Wednesday, August 01, 2007


Labor Day is almost here. I know because I’m making plans to make our annul trek to Wyoming where a group of us gather from across the U.S. to spend the weekend together. Then before you know it Thanksgiving and Christmas will be here. My younger sister works on her presents year round. I don’t, which means the holidays are gonna come barreling down the chute aiming for that soft spot right between my eyes at the bridge of my nose. If you're not ready or you forget to duck, they'll knock you flat on your tush. Then while you're down, Uncle Elmo and Aunt Tilly and all the other relatives walk right over your twitching body and start pointing out that there's an inch of dust on the mantel and the gravy's lumpy and ...

Oh, sorry. Got slightly off subject.

Actually, thoughts of the holidays made me think of family and relationships -- which, of course, brought up the twists and turns of the relationships between characters. You can spend days developing a backstory for a character, weeks deciding how a character should look, even months researching the profession or flaw for a character, but that character only really comes alive when he or she encounters another character. That's when love, hate, intrigue, conflict, desire, comedy -- your story -- develops.

That's the way it is in real life. Aunt Tilly comes over to help get the ham glazed. No problem. Uncle Elmo arrives with his fried turkey. Look out. Trouble's on the way. Things are going to get exciting or funny or even tragic. Put two or more people together in a story and things will change. Think of it as a scientific law of writing.

Characters have chemistry. They have things in common -- they're attracted to each other. They have differing personalities -- they're in conflict. How Uncle Elmo reacts to your greeting may be quite different from how he greets Aunt Tilly. What Aunt Tilly does and says could vary depending on whether you dropped the ham or whether Uncle Elmo did the deed.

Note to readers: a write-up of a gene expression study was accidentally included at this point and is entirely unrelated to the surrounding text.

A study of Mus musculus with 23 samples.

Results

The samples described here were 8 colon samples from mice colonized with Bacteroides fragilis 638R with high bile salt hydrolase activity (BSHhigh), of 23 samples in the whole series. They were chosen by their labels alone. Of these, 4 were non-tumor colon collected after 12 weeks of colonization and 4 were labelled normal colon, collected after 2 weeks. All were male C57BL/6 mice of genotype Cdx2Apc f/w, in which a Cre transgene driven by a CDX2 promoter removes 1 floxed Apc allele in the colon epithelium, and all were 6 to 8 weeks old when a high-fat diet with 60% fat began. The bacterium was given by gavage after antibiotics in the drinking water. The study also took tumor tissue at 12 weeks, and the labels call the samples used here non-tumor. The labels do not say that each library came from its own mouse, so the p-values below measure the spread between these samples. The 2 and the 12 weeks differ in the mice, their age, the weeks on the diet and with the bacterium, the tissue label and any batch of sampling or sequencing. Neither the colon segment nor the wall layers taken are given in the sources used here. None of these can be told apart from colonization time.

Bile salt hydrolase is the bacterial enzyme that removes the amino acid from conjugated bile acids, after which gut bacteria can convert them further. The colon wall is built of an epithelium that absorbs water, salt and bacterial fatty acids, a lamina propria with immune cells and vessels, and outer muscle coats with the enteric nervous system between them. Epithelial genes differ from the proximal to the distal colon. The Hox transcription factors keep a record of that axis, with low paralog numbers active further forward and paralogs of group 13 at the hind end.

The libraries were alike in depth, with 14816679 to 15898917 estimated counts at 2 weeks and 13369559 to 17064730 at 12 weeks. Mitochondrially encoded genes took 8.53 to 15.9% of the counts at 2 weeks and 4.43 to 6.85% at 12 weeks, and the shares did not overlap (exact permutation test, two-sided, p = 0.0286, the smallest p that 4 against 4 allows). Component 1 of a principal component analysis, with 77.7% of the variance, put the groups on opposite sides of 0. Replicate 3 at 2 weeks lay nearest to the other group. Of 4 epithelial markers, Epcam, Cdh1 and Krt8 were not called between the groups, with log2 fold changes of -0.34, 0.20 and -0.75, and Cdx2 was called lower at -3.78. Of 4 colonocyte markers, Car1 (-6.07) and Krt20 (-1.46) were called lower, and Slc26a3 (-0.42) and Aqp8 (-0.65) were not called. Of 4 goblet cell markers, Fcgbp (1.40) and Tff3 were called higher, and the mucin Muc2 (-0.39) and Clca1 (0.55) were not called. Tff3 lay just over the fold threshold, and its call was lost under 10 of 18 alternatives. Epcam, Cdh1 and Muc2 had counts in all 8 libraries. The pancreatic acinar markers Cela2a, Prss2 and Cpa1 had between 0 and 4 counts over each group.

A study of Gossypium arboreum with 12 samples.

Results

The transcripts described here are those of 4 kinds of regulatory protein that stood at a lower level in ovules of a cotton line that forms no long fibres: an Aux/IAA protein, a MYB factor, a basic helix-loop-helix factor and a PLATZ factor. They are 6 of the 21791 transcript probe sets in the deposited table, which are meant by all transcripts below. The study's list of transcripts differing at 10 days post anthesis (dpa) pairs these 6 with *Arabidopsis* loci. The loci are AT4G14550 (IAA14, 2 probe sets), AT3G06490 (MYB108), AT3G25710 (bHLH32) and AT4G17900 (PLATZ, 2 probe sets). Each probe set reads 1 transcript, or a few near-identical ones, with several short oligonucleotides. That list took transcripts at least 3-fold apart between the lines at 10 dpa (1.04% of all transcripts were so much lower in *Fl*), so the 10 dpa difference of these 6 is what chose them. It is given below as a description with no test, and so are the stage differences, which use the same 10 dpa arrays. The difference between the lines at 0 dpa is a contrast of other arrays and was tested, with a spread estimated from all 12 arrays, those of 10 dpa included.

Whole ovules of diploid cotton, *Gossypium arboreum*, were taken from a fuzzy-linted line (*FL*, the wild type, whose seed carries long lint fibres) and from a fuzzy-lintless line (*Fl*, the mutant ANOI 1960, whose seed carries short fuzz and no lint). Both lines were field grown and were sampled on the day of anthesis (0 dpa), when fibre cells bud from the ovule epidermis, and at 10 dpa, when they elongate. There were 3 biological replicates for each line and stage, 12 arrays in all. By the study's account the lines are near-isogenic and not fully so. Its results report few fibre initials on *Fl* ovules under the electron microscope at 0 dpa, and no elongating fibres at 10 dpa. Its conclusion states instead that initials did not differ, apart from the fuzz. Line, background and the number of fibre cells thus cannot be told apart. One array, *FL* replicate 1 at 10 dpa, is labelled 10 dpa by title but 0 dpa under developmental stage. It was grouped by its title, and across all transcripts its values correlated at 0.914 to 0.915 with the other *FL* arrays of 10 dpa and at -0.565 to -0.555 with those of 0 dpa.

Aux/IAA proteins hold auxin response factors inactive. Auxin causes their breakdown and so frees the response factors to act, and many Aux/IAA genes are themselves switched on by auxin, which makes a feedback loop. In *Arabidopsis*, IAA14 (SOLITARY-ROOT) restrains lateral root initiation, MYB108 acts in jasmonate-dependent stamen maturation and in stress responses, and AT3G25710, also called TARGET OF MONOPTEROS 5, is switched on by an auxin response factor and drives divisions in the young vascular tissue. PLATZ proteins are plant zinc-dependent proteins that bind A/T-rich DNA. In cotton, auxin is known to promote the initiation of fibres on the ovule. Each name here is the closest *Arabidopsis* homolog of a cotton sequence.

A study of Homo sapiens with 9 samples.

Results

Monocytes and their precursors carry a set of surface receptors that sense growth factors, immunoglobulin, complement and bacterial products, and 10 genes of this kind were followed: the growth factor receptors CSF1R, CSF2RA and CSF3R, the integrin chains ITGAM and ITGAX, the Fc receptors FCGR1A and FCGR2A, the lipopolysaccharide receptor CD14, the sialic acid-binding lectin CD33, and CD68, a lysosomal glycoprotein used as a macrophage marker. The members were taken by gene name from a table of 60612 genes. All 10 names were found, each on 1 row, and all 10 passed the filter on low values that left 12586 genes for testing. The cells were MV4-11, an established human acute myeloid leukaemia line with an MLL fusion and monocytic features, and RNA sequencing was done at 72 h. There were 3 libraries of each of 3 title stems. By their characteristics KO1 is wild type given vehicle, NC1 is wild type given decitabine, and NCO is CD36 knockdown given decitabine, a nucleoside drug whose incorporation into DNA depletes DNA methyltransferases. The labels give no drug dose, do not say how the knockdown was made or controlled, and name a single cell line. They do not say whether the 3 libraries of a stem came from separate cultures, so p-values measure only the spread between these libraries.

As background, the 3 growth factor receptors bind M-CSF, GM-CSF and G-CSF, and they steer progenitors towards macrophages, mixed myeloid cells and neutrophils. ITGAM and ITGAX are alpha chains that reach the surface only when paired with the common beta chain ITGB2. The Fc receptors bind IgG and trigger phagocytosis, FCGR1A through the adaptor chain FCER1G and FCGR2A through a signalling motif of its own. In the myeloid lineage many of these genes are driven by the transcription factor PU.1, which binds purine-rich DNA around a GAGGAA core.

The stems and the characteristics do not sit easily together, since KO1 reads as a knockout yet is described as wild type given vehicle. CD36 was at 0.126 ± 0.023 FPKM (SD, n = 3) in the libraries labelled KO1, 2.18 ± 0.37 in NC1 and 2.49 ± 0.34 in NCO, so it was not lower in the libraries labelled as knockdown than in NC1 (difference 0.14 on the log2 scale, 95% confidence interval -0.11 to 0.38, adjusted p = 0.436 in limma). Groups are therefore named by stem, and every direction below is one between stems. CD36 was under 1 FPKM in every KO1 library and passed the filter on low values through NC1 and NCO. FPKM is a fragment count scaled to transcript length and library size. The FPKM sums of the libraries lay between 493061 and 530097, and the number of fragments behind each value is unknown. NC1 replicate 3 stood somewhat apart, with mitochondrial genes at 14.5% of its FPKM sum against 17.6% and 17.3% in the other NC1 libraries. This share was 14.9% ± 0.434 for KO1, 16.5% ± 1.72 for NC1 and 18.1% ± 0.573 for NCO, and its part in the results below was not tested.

When the police arrive to break up the fight and disperse the crowd of gawkers, you've got even more personalities to deal with. How does Uncle Elmo react to these authority figures? What do you do when Aunt Tilly takes down the officer's badge number and writes it in the dust on the mantel? What does the policeman think of the raging food fight? What does he do when a candied yam with toasted marshmallows smacks him in the forehead?

And when it's all over and you and your family are gathered around the festive holiday table, who has been changed by the encounter? In what way? Who not only has mashed potatoes clotted in his or her hair, but also has a mashed ego? Who has dust on her finger and a renewed sense of joy due to a upcoming date with a handsome man in uniform? Who assures the whimpering dog that there will never ever be another family gathering at this house?

It's that old scientific law of writing: There's chemistry, good or bad, between characters. The people in your story come alive when they interact with others. They change, some in small ways, others by leaps and bounds, because of those encounters. Although you may develop a character in a vacuum, he can't live in one. Your characters and plot may be the meat of your book, but it's the blending of the personalities that make up the gravy -- lumps and all.

Disclaimer: The characters in this column were all fictional. Any similarity to my family members is totally coincidental. Really.